Prather’s Pick: ‘100 Snowmen’ makes learning math fun |

Prather’s Pick: ‘100 Snowmen’ makes learning math fun

Diane Prather/For Craig Press
Prather's Picks

A few weeks ago this column reviewed a funny picture book about 100 chickens. Besides being a ton of fun to read, the book can be helpful in teaching children math. So, now, I have found a book with 100 snowmen characters.

“100 Snowmen” was written by Jen Arena and illustrated by Stephen Gilpin. The picture book is published by Two Lions (2013). Readers can’t help but be entertained by the snowmen’s antics and their diverse costumes, but mostly, the book will help children practice their addition.

The book begins with one slender snowman, who has an unusually long carrot nose, standing in the snow by himself. As the reader looks at the page on the right, he or she notices two more snowmen are coming to join the first. One is wearing a cap with flaps that can be pulled down over his ears (that is, if he had ears), and the other has a baseball cap balanced on his head. At the bottom of the page the reader finds: 1+2=3.

The reader turns the page and finds three snowmen lying on the snow, where they are counting the stars in the night sky. One snowman even uses a pair of binoculars. Four more snowmen are having a snowball fight. That’s on the page to the right. The total number of snowmen now is: 3+4=7.

The book continues in this manner, with the number of snowmen growing larger and larger. For every two pages, there is math to add up the total snowmen for the two pages.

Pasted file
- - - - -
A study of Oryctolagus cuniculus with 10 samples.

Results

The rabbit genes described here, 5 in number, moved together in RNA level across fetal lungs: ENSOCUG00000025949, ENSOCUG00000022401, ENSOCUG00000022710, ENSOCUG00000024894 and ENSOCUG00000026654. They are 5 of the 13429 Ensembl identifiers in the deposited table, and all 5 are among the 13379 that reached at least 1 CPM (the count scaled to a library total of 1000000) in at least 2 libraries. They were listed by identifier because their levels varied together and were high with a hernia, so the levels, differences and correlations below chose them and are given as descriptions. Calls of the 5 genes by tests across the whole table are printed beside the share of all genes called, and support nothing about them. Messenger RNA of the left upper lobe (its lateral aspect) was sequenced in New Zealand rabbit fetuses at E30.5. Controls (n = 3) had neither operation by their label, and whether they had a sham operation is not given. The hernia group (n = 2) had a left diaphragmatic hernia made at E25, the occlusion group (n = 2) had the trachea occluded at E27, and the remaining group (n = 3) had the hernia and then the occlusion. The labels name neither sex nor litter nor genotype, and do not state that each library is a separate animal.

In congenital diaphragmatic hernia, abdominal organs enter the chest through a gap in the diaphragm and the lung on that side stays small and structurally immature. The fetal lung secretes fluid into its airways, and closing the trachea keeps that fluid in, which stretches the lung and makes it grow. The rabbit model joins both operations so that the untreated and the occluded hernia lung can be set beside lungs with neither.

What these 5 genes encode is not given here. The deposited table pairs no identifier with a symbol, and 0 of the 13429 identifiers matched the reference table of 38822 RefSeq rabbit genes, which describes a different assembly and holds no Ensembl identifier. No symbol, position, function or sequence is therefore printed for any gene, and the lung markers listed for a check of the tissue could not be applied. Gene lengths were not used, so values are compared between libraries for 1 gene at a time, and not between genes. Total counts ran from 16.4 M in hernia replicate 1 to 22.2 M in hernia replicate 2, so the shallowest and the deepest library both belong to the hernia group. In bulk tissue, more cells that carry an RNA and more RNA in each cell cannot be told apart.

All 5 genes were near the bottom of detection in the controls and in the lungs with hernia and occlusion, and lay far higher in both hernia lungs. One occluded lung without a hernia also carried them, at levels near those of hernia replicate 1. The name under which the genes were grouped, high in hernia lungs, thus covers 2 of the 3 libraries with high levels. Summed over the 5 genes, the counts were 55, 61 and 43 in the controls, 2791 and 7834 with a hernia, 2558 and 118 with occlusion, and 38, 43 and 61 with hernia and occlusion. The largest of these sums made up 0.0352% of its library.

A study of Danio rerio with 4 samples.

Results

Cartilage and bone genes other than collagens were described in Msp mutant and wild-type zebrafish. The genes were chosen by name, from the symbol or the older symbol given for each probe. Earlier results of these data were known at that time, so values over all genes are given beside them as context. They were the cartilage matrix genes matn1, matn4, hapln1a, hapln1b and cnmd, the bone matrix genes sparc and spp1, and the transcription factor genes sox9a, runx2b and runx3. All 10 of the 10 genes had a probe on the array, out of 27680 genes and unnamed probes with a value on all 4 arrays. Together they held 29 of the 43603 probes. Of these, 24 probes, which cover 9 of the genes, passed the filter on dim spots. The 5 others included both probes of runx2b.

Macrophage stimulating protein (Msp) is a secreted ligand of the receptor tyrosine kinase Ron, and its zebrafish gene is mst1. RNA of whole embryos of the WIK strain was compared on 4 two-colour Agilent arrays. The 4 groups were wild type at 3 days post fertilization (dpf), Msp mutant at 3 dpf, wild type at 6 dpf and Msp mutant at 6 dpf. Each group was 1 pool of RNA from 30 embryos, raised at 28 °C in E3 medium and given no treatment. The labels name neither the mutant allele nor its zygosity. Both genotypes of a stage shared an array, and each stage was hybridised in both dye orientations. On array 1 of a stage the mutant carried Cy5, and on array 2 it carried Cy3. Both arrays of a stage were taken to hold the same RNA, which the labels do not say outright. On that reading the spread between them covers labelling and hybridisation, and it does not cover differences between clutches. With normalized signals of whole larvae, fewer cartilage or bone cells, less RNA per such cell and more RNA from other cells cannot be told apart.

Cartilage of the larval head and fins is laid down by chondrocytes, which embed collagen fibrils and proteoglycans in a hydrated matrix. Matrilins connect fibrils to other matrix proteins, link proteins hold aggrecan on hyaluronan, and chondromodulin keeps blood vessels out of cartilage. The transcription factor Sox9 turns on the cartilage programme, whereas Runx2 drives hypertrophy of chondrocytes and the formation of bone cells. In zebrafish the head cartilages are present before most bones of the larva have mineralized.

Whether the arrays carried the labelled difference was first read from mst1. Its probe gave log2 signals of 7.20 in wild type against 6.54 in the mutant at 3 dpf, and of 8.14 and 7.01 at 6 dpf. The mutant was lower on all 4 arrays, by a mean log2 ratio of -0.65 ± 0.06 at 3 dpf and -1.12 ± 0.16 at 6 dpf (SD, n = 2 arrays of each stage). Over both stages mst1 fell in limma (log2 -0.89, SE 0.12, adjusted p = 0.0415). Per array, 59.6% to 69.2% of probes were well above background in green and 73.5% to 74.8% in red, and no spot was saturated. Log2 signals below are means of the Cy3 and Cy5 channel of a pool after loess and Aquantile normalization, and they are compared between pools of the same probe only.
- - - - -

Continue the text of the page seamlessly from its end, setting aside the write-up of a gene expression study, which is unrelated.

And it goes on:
Boy, do the snowmen have fun. They ride downhill on a sled, roast marshmallows over a bonfire, build an impressive fort from snow blocks, make a snowshoe track, play musical instruments, race on skis and even do the hula (dressed for the part in a hula skirt).

The snowmen enjoy making goofy faces, trying on hats and mittens and even playing with kittens they find in a cart bearing a sign: “Kittens free to a good home.”

At the end of the book, all of the snowmen are there together, plus the kittens. Will the readers count the snowmen? The author has added them up: 1+2+3+4 … all the way to 100.

Arena received an Oppenheim Gold Award for her book “Little Flower Girl.” Illustrator Stephen Gilpin has illustrated more than 30 children’s books.

“100 Snowmen” costs $14.99 in hardcover, though you might find it in paperback. The book can also be found at the Craig branch of the Moffat County Libraries.